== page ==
Propelled by cheers and thunderous applause, Philadelphia City Council passed a fair workweek bill Thursday that will guarantee predictable schedules for some 130,000 hourly workers in the service and hospitality industries.
The law goes into effect Jan. 1, 2020 and is expected to be signed by Mayor James Kenney.
"City Council members have always had the needs of working Philadelphians front and center of their legislative agenda," Kenney said in a statement. "Their support of these measures is another shining example of that commitment."
Dozens of workers and their advocates crammed into council chambers long before the scheduled vote. No one spoke against the bill during public comment. Instead, supporters lined the block outside city hall and carried signs reading "Poverty is not inevitable" and "Philly workers demand a fair workweek."
"Sometimes we come into work for 8 hours and sometimes we don't know when we'll be going home," hotel housekeeper Annie Ellison said before the vote. “I’m here for the mothers. I’m here for the families.”
Only three council members voted against the bill, including Councilman Brian O'Neil who said he objected because the ordinance does not exempt workers already protected by union agreements.
"It should," he said as people jeered.
The bill, first introduced over the summer by Gym and seven co-sponsors, would apply to large chain businesses with more than 250 employees in the retail, food or hospitality sectors with at least 30 locations across the country or state.
Inspired by similar legislation enacted in other cities, such as New York and Seattle, the ordinance will guarantee at least 11 hours rest time between shifts, opportunities to work additional hours and provide for enforcement and penalties if an employer does not comply.
Several business associations, however, were disappointed with the bill despite amendments introduced last week to quell fears that Philadelphia's job growth could slow down as a result of fair workweek.
“In the long run, it’s going to hurt the industry,” Ed Grose, executive director of the Greater Philadelphia Hotel Association, told NBC10 last week. “We feel that we take care of our people."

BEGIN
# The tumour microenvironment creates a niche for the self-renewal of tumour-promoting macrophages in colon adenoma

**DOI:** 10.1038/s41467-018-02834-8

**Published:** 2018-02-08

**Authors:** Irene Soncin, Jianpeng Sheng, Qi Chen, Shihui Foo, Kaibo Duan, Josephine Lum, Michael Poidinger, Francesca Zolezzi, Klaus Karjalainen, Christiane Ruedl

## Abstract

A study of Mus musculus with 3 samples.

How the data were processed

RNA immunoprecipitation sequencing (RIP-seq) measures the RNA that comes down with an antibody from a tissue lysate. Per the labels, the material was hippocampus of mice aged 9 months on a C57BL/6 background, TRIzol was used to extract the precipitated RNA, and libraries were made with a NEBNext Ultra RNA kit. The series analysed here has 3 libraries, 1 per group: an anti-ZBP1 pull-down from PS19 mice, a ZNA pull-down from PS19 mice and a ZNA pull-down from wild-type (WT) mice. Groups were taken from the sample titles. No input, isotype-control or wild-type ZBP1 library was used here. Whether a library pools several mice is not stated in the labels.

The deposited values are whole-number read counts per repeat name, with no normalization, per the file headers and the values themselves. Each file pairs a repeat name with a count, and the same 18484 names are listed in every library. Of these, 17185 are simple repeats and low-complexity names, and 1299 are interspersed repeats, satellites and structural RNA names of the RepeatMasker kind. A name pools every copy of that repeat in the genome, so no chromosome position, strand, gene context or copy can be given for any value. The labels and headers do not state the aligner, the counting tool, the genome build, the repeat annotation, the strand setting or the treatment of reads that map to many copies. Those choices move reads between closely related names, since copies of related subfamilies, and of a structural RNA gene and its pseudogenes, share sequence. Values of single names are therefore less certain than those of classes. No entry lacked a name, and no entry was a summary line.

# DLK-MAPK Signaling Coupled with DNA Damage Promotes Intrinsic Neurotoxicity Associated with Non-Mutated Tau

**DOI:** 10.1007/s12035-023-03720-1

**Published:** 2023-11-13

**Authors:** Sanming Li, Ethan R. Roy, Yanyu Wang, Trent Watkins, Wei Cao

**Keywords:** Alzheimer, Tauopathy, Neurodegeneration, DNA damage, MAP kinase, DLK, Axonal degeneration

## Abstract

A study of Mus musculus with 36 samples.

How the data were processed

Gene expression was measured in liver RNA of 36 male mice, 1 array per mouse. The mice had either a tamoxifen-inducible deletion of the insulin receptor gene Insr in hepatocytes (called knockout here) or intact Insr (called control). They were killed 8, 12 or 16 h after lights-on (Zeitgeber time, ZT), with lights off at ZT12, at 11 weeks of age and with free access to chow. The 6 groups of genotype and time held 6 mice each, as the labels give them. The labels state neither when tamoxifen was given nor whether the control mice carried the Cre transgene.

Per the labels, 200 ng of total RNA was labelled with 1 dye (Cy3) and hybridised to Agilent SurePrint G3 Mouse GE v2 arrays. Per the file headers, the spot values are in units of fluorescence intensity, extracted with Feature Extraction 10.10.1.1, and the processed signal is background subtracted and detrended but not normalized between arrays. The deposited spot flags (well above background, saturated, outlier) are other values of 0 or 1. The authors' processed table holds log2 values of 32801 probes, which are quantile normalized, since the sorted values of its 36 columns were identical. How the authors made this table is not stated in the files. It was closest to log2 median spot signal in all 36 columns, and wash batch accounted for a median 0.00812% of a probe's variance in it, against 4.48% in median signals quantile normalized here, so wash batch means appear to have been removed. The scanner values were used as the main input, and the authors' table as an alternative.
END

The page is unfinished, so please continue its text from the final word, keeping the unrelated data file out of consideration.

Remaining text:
The amendments included new exemptions for employers to staff last-minute ticketed events and large banquets and added language allowing employees to voluntarily change their schedules.
Perhaps most significantly, however, language was removed from the original bill prohibiting under-scheduling, or the practice of not scheduling enough hours per employee. Gym removed that provision because she felt the bill as written provided sufficient worker protections, the councilwoman said.
“This is a city council that is dedicated to ending poverty and supporting working families,” she said. “This is a bill that will do that.”
According to 2015 U.S. Census data, at least a quarter of Philadelphia’s service employees work part time. Many of these retail and service industry workers frequently face unpredictable schedules that change as often as the seasons.
Part of the ongoing problem between city council and business associations is the state minimum wage, which stagnated 12 years ago at $7.25 under former Gov. Ed Rendell. A provision adopted at the time prohibited local municipalities from further making changes to their minimum wages. That power was given to the General Assembly.
As a result, Pennsylvania’s minimum wage has not budged. Meanwhile, New Jersey’s minimum wage increased to $8.44 and Delaware’s to $8.25.
“I consider it a poverty rate,” Gym said. “I can’t let that stop me.”
But on Thursday, Philadelphia City Council agreed to gradually raise the minimum wage for city workers, contractors and subcontractors to $15 by 2023. The increase will affect approximately 2,000 city workers.